Published Sunday, 22 April 2012
Kilcooley Community Forum's Mark Gordon said he hopes the allotments will make those in the community look at their own lifestyle.
"We believe that it will improve their health, plus having to maintain their sites, digging the pots, turning the soil, it's all physical activity and again it will generate an interest in physical wellbeing."
The plots have been let to the estate's residents and other people across the borough, and while they will get to keep some of what is grown, a portion of it will be sold on.
Community groups have also embedded themselves into the project by leasing plots for their members to get their hands dirty as they plant and grow their produce.
And children from Kilcooley Primary School have become involved with the planting and gardening, and Vice-Principal Karen Maguire said the pupils are really enjoying it.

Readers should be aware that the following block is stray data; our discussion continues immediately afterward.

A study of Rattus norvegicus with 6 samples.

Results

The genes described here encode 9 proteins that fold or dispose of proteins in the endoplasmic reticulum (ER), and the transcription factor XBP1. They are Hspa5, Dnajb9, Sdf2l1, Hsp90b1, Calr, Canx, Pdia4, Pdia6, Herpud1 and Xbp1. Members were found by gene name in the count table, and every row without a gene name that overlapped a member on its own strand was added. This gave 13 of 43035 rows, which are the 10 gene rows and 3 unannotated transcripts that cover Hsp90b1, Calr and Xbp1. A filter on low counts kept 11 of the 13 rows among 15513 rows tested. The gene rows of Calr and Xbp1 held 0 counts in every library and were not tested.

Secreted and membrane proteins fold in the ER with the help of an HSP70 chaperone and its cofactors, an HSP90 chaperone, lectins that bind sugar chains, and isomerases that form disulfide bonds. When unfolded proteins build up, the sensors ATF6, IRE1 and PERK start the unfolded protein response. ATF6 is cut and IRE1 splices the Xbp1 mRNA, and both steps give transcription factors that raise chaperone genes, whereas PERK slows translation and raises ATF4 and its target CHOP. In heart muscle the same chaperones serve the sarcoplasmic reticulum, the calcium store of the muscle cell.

"It's outdoor, they get fresh air, so it's fantastic for developing all areas of the child," she told UTV.
Meanwhile, with the new project comes work placement opportunities and new jobs for those in long-term unemployment.
Richard Mailey, 18, is one of the head gardeners and said he feels the job has helped to turn his life around.
"I like working, I don't like sitting about. I've got a job here and I feel a lot better in myself that I know I can get up and go to work," he explained.
The 18 plots are just the start of the development at Kilcooley and phase two will see an unused car park area redeveloped into an area which will create further growing opportunities for individuals or groups such as the elderly, disabled and those with learning difficulties.